Dr. Baldwin came to Illinois in 1829, with the “Yale Band,” as Dr. Savage relates, and as a Congregational minister, but there being no organization of his denomination in the State, became connected with the Presbyterians, and, in 1831, was a delegate to the Presbyterian General Assembly from the Presbytery of Kaskaskia. Subsequently he was a member of Alton Presbytery and later reverted to the Congregational denomination. These ecclesiastical facts are of no special historical importance, but the statement of Dr. Savage that Dr. Baldwin was the founder of Monticello is the one I wish to correct. To Capt. Benjamin Godfrey, and no one else, belongs that high honor.

(2) As to Rev. Thomas Lippincott. Dr. Savage says that Mr. Lippincott was one of three Congregational ministers who came to Illinois in 1828. On the contrary, Mr. Lippincott was never a Congregational minister. He was born in New Jersey in 1791, of Quaker parentage. In 1817 he moved to Illinois. He was, at that time, he himself writes, “a Godless young man with Universalist tendencies,” but was converted through the instrumentality of his wife. He landed at Shawneetown Dec. 30, 1817. He engaged in various lines of business; was secretary of the State Senate in 1822; was later an elder in the Presbyterian church at Edwardsville. In 1818-19 he was a resident of Milton, on Wood river, four miles east of Alton, where his wife organized the first Protestant Sunday school in Illinois. That settlement is long since extinct. In 1829 he was ordained to preach by Center Presbytery, and was always, thereafter, a member of that denomination. He was the father of the late Gen. Charles E. Lippincott.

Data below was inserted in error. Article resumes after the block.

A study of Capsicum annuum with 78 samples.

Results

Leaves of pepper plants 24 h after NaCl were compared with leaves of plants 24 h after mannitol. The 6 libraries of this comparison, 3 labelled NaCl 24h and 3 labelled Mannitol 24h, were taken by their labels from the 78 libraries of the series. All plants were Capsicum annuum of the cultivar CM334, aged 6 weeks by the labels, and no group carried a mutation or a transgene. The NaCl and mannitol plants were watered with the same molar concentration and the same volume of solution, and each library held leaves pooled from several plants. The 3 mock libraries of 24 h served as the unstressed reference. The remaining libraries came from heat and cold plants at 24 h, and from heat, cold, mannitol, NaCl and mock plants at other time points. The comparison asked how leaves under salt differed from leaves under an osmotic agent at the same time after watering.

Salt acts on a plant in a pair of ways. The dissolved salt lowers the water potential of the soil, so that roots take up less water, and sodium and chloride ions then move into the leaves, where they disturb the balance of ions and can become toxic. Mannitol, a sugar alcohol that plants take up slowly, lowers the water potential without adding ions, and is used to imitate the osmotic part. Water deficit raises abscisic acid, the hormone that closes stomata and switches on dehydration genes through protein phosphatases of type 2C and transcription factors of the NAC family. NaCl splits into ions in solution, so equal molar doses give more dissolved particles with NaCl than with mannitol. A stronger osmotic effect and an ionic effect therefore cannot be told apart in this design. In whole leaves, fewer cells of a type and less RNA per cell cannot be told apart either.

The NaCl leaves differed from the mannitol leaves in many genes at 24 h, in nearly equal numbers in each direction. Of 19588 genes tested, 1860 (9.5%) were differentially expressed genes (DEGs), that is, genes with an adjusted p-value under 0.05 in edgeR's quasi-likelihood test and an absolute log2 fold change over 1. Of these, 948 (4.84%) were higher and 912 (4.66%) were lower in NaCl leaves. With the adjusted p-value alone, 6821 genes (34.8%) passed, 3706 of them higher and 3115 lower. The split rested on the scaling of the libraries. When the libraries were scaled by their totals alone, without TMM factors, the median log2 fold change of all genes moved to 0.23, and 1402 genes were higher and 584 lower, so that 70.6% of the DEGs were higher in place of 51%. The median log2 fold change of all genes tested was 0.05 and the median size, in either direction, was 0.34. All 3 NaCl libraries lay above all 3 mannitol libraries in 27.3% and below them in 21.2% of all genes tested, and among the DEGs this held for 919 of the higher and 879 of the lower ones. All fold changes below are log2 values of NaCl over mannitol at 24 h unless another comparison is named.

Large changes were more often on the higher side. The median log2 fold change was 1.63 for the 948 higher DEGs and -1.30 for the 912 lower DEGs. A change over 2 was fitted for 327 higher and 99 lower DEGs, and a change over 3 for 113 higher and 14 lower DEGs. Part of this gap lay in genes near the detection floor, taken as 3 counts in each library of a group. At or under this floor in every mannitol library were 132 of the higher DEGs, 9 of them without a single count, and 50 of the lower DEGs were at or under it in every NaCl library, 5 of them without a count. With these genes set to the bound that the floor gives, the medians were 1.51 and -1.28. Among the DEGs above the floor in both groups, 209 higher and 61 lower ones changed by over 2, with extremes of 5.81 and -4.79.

(3) As to Rev. Elijah P. Lovejoy, the martyr. Dr. Savage claims him as a Congregational minister, but he was never a member of that denomination, although his father, Rev. Daniel Lovejoy, was a Congregational minister. Elijah P. was born at Albion, Maine, Nov. 8, 1802. Was graduated at Waterville College, Me., and soon after removed to St. Louis, where he taught school for several years and engaged in editorial work. He was then something of a skeptic, but in 1832 was converted and then entered Princeton Theological Seminary. After completing his studies there he was licensed to preach by the Second Presbytery of Philadelphia. He returned to St. Louis where he again took up editorial work, subsequently removing his paper to Alton, ., where he pub lished the Alton Observer and became connected with Alton's Presbytery. His tragic death at the hands of a pro-slavery mob, on Nov. 7, 1837, is a matter of history. At the time of his death he was Moderator of Alton Presbytery. His brother, Owen Lovejoy, subsequently renowned as the Abolition Congressman, was a Congregational minister and was often a visitor at my father's house.

I might mention other instances, in Dr. Savage's article, where he was misinformed, but these must suffice. I make these corrections in the interest of historical accuracy. That the pioneer Congregational ministers of Illinois did a glorious work, in their self-denying missionary labors on the frontier, I gratefully admit, but so did ministers of other denominations and all are entitled to our honor and reverence.

W. T. NOBTON.

THE COLLINS FAMILY HISTORY. Collins, William H.“ — The Collins Family.” Genealogical Record (in part) of the descendants of John Collins, Sr., from 1640 to 1760. A complete record of the descendants of William Collins and Esther Morris from 1760 to 1897. 184 p. Quincy, Illinois. 1897. Press of Volk, Jones & McMein. A gift to the Illinois State Historical Library by Mrs. W. H. Collins.

HISTORY OF AN ILLINOIS REGIMENT. Eby, Henry H.-“Observations of an Illinois Boy in Battle, Camp and Prisons, 1861-1865.” 284 p. 12mo.

Mendota, Illinois. 1910. Published by the author.

WAR RECORDS OF NEW JERSEY. “New Jersey”- Adjutant-General State of New Jersey comp. Records of Officers and Men of New Jersey in Wars, 1791-1815. 286 p. quarto. Trenton, N. J. 1909. Published by authority of the Legislature. 1898-1903. A gift to the Illinois State Historical Library.

New York State Education Department-Sixth Annual Report. Supplemental Volume, “The American Flag." 110 p. 8vo. Albany, N. Y. 1910. Horner, Harlan Hoyt, Comp. A gift to the Illinois State Historical Library.